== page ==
Citing Rod Blagojevich's upcoming retrial -- and a request by the U.S. Department of Justice -- a congressional ethics panel has once again stalled its inquiry into U.S. Rep. Jesse Jackson Jr., according to a statement by the committee today.
"A retrial of former Governor Blagojevich has been set for April 20, 2011," the statement reads. "The Department of Justice has asked the Standards Committee to continue to defer consideration of this matter and the Standards Committee, following precedent, agreed to defer consideration of this matter at this time."
Last year, the Committee on Standards of Official Conduct said it would hold off on an inquiry into Jackson because of the initial Blagojevich trial. The former governor was convicted of just one of 24 counts, with a jury deadlocked on the remaining charges.
The committee was looking into whether Jackson or "an agent" offered Blagojevich money in exchange for an appointment to the U.S. Senate.
In September, the Chicago Sun-Times revealed that a longtime Jackson family friend and fund-raiser, Raghuveer Nayak, told authorities Jackson directed him to make a money offer to Blagojevich and that Jackson asked him to secretly pay to fly a "social acquaintance" to Chicago.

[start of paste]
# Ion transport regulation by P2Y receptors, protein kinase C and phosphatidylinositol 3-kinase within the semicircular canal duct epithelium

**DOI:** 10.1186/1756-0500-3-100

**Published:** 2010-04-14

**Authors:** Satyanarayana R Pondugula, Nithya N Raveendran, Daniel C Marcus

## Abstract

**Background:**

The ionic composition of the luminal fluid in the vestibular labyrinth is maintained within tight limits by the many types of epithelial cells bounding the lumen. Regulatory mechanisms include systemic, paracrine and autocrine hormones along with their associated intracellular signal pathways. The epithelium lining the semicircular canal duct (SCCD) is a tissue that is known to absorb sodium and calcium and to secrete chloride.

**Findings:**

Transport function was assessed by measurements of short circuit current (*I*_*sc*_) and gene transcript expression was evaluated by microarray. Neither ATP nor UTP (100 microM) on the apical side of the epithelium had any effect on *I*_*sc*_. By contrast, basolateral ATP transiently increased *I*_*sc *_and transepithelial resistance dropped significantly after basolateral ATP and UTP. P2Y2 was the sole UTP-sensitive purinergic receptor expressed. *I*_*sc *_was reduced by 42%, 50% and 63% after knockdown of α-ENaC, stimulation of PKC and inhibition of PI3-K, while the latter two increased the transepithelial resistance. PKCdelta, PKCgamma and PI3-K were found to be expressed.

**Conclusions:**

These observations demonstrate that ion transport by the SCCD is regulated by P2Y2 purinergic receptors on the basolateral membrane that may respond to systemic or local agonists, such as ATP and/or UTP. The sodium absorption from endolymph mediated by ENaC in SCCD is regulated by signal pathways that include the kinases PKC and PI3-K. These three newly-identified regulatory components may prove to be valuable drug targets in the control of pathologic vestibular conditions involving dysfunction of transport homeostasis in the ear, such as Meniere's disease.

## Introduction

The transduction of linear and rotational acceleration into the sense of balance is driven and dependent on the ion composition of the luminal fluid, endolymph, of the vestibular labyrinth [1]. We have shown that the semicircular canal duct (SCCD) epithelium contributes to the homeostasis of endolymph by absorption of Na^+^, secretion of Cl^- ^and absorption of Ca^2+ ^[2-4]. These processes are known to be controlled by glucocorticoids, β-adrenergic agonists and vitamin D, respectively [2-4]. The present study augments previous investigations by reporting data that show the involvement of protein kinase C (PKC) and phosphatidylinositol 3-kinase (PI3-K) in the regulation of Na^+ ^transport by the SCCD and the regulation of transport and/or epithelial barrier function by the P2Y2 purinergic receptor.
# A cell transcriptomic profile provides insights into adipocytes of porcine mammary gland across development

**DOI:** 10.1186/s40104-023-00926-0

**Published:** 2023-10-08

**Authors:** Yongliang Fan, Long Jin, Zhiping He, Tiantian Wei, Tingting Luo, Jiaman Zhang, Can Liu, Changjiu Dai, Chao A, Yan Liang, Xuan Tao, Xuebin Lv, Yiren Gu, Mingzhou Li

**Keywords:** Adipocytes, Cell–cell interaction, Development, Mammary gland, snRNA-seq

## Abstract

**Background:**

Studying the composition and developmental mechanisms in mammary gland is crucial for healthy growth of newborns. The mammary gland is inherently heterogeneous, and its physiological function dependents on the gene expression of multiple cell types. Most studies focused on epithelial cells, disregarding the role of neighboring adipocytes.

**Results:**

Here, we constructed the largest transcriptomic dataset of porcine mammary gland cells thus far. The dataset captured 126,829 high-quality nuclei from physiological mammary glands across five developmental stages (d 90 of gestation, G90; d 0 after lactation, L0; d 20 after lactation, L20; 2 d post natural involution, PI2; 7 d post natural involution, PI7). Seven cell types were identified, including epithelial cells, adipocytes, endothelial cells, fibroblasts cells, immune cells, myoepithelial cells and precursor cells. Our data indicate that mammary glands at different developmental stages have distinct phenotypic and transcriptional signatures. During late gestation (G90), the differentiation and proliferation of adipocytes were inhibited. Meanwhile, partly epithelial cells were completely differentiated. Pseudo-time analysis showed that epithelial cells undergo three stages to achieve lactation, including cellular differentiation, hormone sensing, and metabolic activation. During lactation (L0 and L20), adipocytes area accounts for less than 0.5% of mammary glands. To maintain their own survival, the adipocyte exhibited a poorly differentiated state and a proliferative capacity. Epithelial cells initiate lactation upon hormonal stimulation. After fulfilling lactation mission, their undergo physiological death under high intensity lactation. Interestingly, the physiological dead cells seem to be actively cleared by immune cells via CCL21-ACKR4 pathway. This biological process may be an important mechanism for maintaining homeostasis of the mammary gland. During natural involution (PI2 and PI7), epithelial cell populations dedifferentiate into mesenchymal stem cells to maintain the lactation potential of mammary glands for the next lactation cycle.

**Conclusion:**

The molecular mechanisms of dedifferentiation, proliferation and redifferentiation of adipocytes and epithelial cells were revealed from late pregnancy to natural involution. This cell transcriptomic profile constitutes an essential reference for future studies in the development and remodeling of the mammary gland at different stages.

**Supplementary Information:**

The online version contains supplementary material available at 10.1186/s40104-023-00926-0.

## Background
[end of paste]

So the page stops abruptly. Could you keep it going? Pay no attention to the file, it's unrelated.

Nayak told federal investigators that in October 2008 Jackson asked him to relay to Blagojevich that the congressman would raise $5 million for the former governor in exchange for the Senate seat appointment and that the Indian community in Chicago would raise another $1 million.
Nayak also told authorities he paid for two airline trips for a "social acquaintance" of the Democratic congressman at Jackson's request, raising more potential ethical and questions for Jackson. Jackson apologized for the relationship, referring to it as a private matter. Jackson denied the Senate seat allegations, however.
After President Obama vacated his Senate seat in 2008, Blagojevich had sole authority to appoint his successor.